I hurriedly put two large frying pans on the stove, poured ghee into them and arranged soaked slices of bread into the frying pan – ten of them –to make Bombay toasts (some call it French toast-but I’m mulish about Bombay).
Then I whirled around and laid out four lunch boxes on the kitchen table and then was at the filter filling water bottles. Just then the delicious smell of Bombay toast frying in ghee came wafting up and I whirled around again towards the stove to turn the toasts over.
I had just turned the last toast over, looking with satisfaction at the golden brown toast when I heard a loud yell from the bathroom.
I have fixed in my mind certain decibel levels as normal for each member of my family, based on their temperament, age and voice quality. That yell was way above the permissible mark set for my husband, and so, I did a magnificent hop, skip and jump through the rooms, my heart in my mouth.- Geyser shock? Fall? Accidentally cut the jugular vein while shaving? (always imagine the worst – that’s me)
“What’s wrong”, panic, fear in my voice.
“The lock is stuck”. He discovered this trying to come out of the bathroom after the shave in order to get the change of clothes. ”Try opening from outside”
I tried the handle twice. No good. I panicked. I tried it several times repeatedly. No good. I whirled around, and was about to break into a run towards the neighbour’s place when I saw my children standing at the door of the bedroom, looking anxious and scared. Click. I switched on a plastic smile. Then let out a peal of laughter “Papa has got himself locked in. He he he!”
They were not amused. “It’s OK.” I persisted through my plastic smile. “I’ll get Vinni’s father. He’ll open it. Don’t worry.”
My daughter went back to her books (a cool customer and I love her for it). My son went slowly back to his cane chair, with a somber expression in his eyes. “Math”, i crooned, “you’ve seen this book? It’s soooo funny”. Avoiding my eyes, he took the picture book from me,looking very serious, his face immobile.
I walked out into the compound nonchalantly, but the minute I was out of his range of vision, I sprinted to the gate, out of it, into the neighbour’s compound and up the steps on to the verandah, all in my duster coat!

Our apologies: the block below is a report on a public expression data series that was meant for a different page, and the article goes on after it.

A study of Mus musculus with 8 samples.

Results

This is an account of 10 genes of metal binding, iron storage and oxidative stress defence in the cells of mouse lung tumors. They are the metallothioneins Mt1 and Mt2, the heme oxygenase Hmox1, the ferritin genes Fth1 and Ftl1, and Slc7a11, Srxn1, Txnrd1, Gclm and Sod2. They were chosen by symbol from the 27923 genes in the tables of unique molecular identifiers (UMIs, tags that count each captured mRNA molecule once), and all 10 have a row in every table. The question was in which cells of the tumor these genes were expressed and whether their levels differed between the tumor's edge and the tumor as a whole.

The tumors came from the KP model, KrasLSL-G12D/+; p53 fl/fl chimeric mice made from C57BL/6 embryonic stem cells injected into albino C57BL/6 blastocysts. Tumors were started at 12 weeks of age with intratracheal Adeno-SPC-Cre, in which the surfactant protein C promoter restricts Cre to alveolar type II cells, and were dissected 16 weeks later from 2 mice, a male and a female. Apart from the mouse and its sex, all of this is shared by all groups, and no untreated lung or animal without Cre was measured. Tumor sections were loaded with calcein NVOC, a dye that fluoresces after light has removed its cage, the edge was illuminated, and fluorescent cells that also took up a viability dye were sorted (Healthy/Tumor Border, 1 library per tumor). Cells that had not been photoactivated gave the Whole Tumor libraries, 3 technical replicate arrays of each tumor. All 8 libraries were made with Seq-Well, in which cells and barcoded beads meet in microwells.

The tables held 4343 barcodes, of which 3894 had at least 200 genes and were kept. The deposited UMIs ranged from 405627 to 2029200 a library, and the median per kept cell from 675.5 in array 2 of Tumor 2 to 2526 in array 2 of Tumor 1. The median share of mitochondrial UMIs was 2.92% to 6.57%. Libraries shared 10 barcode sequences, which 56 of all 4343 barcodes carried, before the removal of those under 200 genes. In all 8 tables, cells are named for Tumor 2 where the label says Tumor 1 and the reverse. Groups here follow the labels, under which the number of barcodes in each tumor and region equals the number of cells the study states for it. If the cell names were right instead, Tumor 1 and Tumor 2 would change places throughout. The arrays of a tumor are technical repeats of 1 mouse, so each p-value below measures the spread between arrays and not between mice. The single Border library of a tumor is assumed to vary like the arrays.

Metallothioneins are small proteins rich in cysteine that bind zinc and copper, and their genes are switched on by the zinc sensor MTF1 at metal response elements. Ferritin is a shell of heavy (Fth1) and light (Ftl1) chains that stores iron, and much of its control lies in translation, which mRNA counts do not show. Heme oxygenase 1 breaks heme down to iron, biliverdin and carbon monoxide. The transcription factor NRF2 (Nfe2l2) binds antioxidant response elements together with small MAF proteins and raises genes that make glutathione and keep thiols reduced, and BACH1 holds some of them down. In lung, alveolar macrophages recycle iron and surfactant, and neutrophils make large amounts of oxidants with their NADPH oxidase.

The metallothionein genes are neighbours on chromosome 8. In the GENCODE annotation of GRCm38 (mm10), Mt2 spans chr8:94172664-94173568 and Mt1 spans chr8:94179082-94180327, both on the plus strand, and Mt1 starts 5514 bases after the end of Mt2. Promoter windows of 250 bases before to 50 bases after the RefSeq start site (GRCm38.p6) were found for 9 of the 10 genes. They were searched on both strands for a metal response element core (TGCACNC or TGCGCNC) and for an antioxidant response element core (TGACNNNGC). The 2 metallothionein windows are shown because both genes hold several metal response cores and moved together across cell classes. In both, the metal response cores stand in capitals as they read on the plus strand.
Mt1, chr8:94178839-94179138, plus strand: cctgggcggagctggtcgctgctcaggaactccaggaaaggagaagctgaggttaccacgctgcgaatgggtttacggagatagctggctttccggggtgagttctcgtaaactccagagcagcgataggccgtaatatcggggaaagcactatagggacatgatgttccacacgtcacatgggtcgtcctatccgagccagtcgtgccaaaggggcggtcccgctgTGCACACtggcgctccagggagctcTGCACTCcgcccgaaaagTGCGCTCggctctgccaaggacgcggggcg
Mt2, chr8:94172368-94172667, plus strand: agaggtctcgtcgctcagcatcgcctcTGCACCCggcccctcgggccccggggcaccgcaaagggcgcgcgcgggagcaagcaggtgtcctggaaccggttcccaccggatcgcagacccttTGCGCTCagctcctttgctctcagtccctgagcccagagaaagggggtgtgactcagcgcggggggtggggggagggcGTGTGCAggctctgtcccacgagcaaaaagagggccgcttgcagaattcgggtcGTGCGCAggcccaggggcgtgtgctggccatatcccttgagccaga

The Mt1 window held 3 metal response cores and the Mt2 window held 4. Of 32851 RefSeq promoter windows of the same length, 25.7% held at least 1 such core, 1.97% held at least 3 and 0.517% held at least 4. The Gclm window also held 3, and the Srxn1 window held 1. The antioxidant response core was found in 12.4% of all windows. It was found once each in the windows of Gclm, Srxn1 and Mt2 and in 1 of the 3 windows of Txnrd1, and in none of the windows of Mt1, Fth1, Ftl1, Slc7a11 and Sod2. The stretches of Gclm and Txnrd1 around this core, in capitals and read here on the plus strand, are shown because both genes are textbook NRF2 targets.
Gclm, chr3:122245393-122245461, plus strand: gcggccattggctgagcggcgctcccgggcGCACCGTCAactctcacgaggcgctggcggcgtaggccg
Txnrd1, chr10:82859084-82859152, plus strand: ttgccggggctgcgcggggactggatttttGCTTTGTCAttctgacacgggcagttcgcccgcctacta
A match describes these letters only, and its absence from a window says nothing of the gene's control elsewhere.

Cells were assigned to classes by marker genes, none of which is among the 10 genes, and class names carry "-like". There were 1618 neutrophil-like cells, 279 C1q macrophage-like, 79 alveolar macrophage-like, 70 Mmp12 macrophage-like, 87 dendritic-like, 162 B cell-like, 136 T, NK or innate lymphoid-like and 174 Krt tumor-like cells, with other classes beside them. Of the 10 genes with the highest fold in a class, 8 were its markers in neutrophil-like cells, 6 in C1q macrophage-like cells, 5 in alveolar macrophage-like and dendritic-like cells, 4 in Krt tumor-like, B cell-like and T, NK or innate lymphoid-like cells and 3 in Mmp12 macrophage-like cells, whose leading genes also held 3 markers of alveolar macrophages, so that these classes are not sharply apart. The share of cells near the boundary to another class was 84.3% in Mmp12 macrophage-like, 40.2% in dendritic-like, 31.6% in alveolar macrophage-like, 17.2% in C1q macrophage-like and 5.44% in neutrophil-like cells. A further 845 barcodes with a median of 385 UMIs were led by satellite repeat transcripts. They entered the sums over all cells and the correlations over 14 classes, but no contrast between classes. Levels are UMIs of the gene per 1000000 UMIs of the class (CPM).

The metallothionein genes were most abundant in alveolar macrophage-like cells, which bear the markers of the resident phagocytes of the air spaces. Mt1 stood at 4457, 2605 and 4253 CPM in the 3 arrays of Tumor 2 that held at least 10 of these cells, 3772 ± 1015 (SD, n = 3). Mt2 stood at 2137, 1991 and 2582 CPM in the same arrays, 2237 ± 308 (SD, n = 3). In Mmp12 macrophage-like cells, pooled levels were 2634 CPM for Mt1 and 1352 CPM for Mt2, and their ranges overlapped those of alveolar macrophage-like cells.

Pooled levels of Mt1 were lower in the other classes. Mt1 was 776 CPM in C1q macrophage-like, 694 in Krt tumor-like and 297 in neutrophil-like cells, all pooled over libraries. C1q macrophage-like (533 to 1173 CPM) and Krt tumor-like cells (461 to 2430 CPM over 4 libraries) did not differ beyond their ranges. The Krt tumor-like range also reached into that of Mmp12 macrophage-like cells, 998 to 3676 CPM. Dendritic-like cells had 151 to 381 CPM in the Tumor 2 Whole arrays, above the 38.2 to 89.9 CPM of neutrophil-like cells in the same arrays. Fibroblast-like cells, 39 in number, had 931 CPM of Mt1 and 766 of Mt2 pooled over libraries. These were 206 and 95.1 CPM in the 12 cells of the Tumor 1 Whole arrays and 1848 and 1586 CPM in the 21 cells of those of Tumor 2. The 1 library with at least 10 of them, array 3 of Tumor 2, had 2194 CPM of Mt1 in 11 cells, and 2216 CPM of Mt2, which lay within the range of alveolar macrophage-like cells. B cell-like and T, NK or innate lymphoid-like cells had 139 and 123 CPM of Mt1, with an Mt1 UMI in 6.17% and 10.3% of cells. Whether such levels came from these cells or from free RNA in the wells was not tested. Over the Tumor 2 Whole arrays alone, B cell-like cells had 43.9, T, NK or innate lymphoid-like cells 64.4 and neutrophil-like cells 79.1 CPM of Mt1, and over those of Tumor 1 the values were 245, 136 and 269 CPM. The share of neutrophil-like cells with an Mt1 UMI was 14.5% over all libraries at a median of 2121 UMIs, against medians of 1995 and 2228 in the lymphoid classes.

“My husband‘s got locked in the bathroom”, I blurted out between gasps. “It’s my son’s first day at school. I have a presentation at 10. He has a meeting at 10.30”
The neighbour, who was a civil engineer came with me immediately. He looked at the stuck handle as though he were a lock psychologist and tried it twice. Then turned it several times noisily in rapid succession. Nothing happened. Hearing sounds of shuffling feet, I turned around and saw all the male members from our immediate neighbourhood entering the room. All of them tried the handle in turns. No good.
They stood around the bathroom door, discussing animatedly.
“Basic rule”, that was the lock psychologist. ”The bathroom locks should be weak. Should open with one kick. Nobody observes the rules”
“What’s to be done now?” neighbour A
“Try removing the lock?” neighbour B
“DO you have a tool kit?” neighbour C
I give them the kit (I am briefly slipping into the present tense for special effect). The lock psycho is trying out the tools. I then take a quick peek into the drawing room and see my son craning his neck to look into the room where we are. His eyes meet mine and click, my plastic smile is on. He drops his eyes.
”This won’t do”, declares the civil engineer turned lock psycho, shaking his head.
I suddenly notice that neighbour B is crinkling his nose and sniffing into the air. “Something burning?”
“Must be some one burning the waste”, I suggest.
Then I find all of them crinkling their noses and sniffing.
“Something on the stove in the kitchen?”
“Oh my God, my Bombay toast”, moaned I clapping my hand over the forehead, and charged towards the kitchen. The frying pans were smoking like a coal engine, and there lay my 10 slices of Bombay toast, black as black can be. I quickly switched off the burners and turned around to return to the scene of the stuck lock drama – and, Oh heck! there at the kitchen entrance stood all the male neighbours and my children looking over each others’ shoulders, anxiety written large on their faces!
Out came the plastic smile to my rescue. “It’s Ok, it doesn’t matter” drawled I in a high pitched voice, and laughed heartily as though burnt Bombay toasts were the funniest things on earth. Just then another yell from the bathroom. Dangerous decibel level and all of us charged in a group to the bathroom door.
”What’s burning? Is something burning in the kitchen?” Panic in the voice from the bathroom.
“It’s ok, ok” I said soothingly “I’ve taken care of it”.
I looked at my children and smiled. My daughter went back to her books. My son walked slowly, gravely back to his seat and looked into the picture book.
Then I heard the sound of water falling in the bathroom. Apparently, my husband had decided to make the best of the bad situation, and started his shower. Another cool customer!
Another ten minutes passed while the trouble shooters debated.
And finally, the neighbour A asked,“Shall we get a locksmith?”
“Yeah better”, opined the lock psycho, carelessly putting his hand on the lock and turning it absent-mindedly – and lo and behold! The lock opened!
There was great rejoicing. My plastic smile metamorphosed into an organic one, rising from the bottom of my heart, streching from ear to ear and travelling to the eyes.
And my son came into the room and stood there, looking at my husband whose turn it was now to sparkle from the shower.
The somber look vanished from the little fellow’s eyes which were now dancing with sheer joy.